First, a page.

As more folks talk about “the dark web” and questions build, it may be helpful to return to a basic explanation of what makes the dark web, also known as deep web, work: the Onion Router.
Simple add-ons like Firefox’s Tor Flashproxy Badge can allow users to begin their way to the anonymous web. For network admins and IT security managers, policies and restrictions should be put in place to keep these vulnerable points from compromising the company. Tor doesn’t make it easier to get into a network, but it does make it easier to get sensitive information out of the network.
A standard Acceptable Use Policy (AUP) should be updated to reflect the current realities of Internet usage. Far beyond restricting access to unacceptable websites, AUPs need to explicitly define activities such as bitcoin mining and trading. There are cases where unsuspecting corporate networks have had computers used for bitcoin mining operations.
Corporate networks do not need to be a liability. They do not need to be a “necessary evil”. They DO need to be watched. Your IT department needs to have detailed logging capabilities and monitoring systems in place to help guard the resources that should be used for the business. Rattan Consulting can provide answers, expertise, and recommend solutions that will help your company avoid being the next news story.
RELATED: Stop employees from touring the Deep Web.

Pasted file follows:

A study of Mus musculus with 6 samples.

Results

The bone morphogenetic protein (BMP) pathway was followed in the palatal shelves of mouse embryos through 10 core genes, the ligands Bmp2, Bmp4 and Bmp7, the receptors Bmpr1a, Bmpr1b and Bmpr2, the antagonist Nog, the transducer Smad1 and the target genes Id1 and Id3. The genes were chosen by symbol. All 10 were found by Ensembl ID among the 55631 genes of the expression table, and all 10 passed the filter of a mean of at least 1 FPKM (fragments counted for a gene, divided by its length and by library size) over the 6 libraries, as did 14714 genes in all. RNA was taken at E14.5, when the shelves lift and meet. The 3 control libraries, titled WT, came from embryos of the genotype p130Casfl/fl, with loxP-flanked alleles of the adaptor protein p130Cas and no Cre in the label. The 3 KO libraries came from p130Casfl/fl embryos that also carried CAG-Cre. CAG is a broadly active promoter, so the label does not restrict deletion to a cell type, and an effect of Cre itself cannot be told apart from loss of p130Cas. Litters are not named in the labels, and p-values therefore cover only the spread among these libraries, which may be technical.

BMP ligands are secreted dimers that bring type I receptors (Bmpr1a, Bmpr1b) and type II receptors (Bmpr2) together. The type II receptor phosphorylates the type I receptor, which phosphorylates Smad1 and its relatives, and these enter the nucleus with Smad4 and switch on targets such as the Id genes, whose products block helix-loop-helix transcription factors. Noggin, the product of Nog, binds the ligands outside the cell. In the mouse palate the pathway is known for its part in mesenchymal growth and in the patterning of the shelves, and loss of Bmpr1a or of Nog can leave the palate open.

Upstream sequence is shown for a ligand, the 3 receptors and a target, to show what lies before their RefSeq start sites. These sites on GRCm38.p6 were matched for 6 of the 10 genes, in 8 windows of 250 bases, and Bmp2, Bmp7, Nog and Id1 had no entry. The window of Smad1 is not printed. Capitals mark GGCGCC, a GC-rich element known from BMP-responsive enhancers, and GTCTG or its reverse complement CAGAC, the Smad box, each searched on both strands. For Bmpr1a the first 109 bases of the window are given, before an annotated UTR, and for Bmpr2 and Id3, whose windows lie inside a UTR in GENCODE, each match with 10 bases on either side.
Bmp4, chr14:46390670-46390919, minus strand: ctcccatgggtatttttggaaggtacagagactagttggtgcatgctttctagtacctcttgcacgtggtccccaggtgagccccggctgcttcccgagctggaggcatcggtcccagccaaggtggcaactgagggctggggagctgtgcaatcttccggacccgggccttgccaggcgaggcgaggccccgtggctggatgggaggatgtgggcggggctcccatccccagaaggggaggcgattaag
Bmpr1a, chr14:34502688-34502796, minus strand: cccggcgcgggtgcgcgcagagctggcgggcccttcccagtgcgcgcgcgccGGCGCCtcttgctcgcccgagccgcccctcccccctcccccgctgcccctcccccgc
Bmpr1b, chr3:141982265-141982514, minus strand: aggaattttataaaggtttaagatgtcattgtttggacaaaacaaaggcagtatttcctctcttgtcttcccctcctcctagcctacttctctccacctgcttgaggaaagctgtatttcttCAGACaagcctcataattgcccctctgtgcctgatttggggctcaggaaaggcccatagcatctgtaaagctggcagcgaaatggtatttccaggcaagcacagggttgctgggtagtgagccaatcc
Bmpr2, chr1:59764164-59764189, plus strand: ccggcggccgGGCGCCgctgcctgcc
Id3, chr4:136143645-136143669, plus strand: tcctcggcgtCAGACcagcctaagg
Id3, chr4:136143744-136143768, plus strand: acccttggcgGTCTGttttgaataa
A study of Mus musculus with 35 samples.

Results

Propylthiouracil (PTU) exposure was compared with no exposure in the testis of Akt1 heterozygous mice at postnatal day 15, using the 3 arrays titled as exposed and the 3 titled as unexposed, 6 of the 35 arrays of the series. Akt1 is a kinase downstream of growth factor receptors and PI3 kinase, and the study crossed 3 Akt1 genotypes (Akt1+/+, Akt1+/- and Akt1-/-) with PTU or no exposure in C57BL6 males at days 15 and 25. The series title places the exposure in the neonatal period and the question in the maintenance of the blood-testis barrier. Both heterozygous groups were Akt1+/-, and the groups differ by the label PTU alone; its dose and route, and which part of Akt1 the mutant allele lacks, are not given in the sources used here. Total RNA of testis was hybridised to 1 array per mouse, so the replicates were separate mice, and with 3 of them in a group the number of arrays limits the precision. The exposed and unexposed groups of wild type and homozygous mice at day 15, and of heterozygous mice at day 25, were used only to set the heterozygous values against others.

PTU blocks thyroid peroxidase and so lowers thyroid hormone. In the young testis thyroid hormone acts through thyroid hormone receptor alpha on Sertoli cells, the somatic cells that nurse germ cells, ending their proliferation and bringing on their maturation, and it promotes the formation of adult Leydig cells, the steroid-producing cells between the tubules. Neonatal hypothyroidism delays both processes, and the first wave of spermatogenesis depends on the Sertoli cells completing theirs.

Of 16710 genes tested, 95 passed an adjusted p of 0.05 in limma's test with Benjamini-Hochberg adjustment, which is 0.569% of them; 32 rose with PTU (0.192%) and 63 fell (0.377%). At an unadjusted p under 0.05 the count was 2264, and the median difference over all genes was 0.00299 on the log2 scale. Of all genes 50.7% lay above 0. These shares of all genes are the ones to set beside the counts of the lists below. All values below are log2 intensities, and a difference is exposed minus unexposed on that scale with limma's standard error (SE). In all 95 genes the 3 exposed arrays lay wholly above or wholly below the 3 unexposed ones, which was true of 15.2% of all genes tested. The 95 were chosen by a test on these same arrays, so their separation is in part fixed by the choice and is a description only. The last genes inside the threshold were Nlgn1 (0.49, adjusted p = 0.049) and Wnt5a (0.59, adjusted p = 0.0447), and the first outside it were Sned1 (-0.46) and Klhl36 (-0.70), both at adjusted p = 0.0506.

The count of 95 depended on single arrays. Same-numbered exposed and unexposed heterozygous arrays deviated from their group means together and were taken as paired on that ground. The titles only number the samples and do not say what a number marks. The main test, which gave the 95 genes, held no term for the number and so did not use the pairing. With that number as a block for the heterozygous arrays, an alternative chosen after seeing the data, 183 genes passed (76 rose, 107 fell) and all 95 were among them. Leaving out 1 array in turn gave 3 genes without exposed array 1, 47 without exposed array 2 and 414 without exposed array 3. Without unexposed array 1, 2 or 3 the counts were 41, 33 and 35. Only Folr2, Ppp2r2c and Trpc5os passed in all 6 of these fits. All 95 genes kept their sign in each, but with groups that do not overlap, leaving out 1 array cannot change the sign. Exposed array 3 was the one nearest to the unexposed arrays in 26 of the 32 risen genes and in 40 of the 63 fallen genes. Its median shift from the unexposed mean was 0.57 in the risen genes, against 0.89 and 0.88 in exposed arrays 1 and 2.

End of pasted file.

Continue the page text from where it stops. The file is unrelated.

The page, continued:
TOR is a network that lured many into becoming regular users. They came to TOR thinking it was safe from those wanting to spy on them. TOR has turned out to be almost the exact opposite. The now famous exit nodes continue to be a trap. While Internet traffic is encrypted and sent anonymously through relay nodes, eventually, they have to exit the TOR and rejoin the regular Internet. Those exit nodes actually decrypt traffic in the process and offer points of vulnerability. Dan Egerstand demonstrated as far back as 2007 that foreign ministries were exposing their email traffic at the exit node. If the ending connection is not a secure web address (using the https protocol), the exit nodes strip away any protection put in place. They create the perfect man-in-the-middle intercept scenario. Usernames and passwords can be gathered in bulk and sold to black market connections.
RELATED: Can you trust TOR’s exit nodes?
Christoper Watson is an Information Technology professional with success in both public and private sector businesses. Technical and business experience is complimented with operational and strategic planning, international contracting work, leadership development and team building competency in challenging physical and political environments. Experience leverages strengths with technology services and providing timely and relevant information to senior executive leadership. Christopher is based out of the Oklahoma City office.